It’s August in Edinburgh, and that means Festival time. So far I have – perhaps not surprisingly – mostly been to storytelling and poetry events. Here are a couple of listicles – although not with gifs in the way that Buzzfeed would do it, I don’t want to get too populist – of what I’ve seen and what i have yet to see. Just in case my opinions are likely to sway you.

9 Things I’ve Seen So Far:

1 (and 2). SHIFT/ A Best of Spoken Word

Or, ‘The One Where Seven Poets Take It In Turns To Do Wildly Different Shows Each Day Of The Week’ (thus cannily minimizing Fringe Fatigue – very clever, these poets). So far I’ve seen Sam Small with ‘Love And Other Drugs’ (Mondays) and Harry Giles with ‘Drone’ (Fridays). These particular shows are almost polar opposites in terms of content and delivery, but both worth a look. I’m hoping to get along to some of the other performances, which contain Rachel McCrum, Jenny Lindsay, Rachel Amey, Ali Maloney and Bram E. Gieben – although I don’t know if I’ll make them all, as I haven’t come up with a similarly canny way to beat Fringe Fatigue…

Shift flyer

3. Blind Poetics Big Night of Spoken Word

I wasn’t there for the whole thing, but what I did see was fab. Sucks to be you if you missed it – you’ll need to wait til 2016 for the next one. In the meantime you can always head to the slightly shorter, monthly Blind Poetics instead though, so y’know, every cloud.

4, 5 and 6. Story Shop

This has just kicked off at the Edinburgh International Book Festival. Each afternoon at 4pm you can go along and hear a short story from one of a selection of up and coming Edinburgh writers. And me. You can also watch online if you can’t make it, which I’m aiming to do for a lot of them as apparently I can’t just leave work at 3pm every day to go and hang around in Charlotte Square… Keep an eye on the @EdinCityofLit Twitter for daily links.

7. Tale Twisters

Stephen Barnaby and various guests tell stories in the basement of Clerk’s Bar as part of the PBH Free Fringe. The night I was at featured border ballads and tales of community work in Lanarkshire amongst other things. It was good, and I bought a book of Stephen’s 50 word stories – but the run is finished now. You snooze, you lose, people.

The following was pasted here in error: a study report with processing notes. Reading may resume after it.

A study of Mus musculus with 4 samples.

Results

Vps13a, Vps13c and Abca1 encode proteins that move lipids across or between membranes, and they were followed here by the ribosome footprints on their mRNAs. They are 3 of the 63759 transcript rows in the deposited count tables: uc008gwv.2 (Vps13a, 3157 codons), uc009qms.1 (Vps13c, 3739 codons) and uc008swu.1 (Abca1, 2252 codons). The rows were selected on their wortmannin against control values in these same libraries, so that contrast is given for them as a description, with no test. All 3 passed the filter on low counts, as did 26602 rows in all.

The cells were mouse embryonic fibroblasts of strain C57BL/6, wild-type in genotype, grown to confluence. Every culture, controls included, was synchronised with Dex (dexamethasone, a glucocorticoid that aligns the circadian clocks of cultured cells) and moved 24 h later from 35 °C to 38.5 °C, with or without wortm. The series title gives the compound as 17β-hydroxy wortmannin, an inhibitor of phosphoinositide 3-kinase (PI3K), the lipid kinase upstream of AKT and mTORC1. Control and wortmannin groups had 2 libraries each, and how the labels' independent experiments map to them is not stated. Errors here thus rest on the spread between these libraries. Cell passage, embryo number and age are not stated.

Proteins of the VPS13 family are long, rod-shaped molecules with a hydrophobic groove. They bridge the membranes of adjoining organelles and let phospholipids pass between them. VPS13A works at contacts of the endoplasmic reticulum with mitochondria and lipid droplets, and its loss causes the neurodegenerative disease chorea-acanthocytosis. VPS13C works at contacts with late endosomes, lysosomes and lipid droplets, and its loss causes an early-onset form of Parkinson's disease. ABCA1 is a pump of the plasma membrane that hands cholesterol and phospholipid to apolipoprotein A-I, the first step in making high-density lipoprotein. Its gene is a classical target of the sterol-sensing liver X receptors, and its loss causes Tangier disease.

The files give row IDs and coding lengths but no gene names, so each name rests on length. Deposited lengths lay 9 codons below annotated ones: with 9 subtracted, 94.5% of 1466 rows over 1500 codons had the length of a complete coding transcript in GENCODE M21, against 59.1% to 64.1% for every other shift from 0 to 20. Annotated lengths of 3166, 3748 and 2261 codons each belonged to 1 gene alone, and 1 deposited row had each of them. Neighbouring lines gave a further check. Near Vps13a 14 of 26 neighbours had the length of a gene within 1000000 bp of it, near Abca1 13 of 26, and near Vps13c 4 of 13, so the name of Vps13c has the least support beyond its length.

Stephen Barnaby Book

8. Melody

Another free spoken word show in the basement of Clerk’s Bar, but this one is still on – and will be until the 29th. It’s about how music sparks memories. Jemima Foxtrot is a really likeable presence on stage and the show is by turns funny and thoughtful and sad. Check it out, I say.

melody - Jemima Foxtrot

9. Edinburgh In The Shadows

It’s your last chance to see this one today (Tuesday 18th August, Pilgrim at 1.45pm) so get a shift on! It’s a storytelling journey through Edinburgh’s history with Max Scratchmann and Alec Beattie, really engaging, amusing and in places pretty dark. Full of weird Edinburgh stories that have been lost to history, with some excellent embellishments. Pretty sure the one about Victorian Drug Parties is completely accurate though…

Edinburgh in the Shadows - Max Scratchmann

6 Other Things I’m Planning To See

1. Poets Against Humanity

This is like Cards Against Humanity, but with poetry being ruined by a panel of comedians and poets. It’s a regular occurrence in Edinburgh, usually at the Banshee Labyrinth every other month – but it has a new home for the Fringe in the form of Chiquito Mexican themed restaurant (this Friday 21st August at 8.40pm). It may seem like a weird venue but, if you work for John Lewis or have a Cineworld card, you can get a discount on the food. So that’s nice.

Poets Against Humanity

2. Is This Poetry?

Andrew Blair and Ross McCleary continue in their quest to annoy everyone they know and like with a poetry show at the Edinburgh Fringe taking the mickey out of both poetry and Edinburgh. Based on the preview, this show oscillates between being incredibly funny and willfully obtuse. The whole thing is totally worth it for their history of Edinburgh, and ‘Poet or Edinburgh’ (which you might have seen at the aforementioned Blind Poetics Big Night of Spoken Word). I imagine I will go to this more than once. The run starts on Sunday 23rd, the hashtag is #sexynihilism*

is this poetry

3. If You’re Happy And You Know It – Take This Survey

This is Agnes Török’s solo Fringe show. I’m interested to see it because she’s a great performer, and there’s a narrative thread running through the show about the research she has done into how to be happy. As a person who googles everything, there’s something about that which really resonates with me.

If you're happy and you know it take this survey

4. The Room: The Musical

For those who have seen The Room (aka the Citizen Kane of bad movies) this is exactly what it sounds like. You will surely understand why I want to make this a part of my life, even though it isn’t on until 1am. For those who haven’t – just carry on with your lives, I guess.

The Room The Musical - pic by Timothy Kelly

5. Like Breath on a Mirror

This is an actual stand up comedy show by Hari Sriskantha. I’ve seen Hari do short sets in the past when he still lived in Edinburgh, I think at Red Raw in The Stand – and he was good. So now I’m curious to go and see his Fringe show. Take that, festival marketing machine!

6. This is an honourable mention really. I was hoping to pay cash money to see Bridget Christie, who has been a Fringe staple for me since her 2009 show ‘MY DAILY MAIL HELL’, but I left it too late to get tickets and her run has now sold out. This is particularly sad because this year’s show even matches with the theme of my listicle, as it’s called ‘A Book For Her’. Oh well.

Have you got any recommendations, book/writing themed or otherwise? Chuck them in the comments!

*it isn’t, but let’s all try and make that a thing.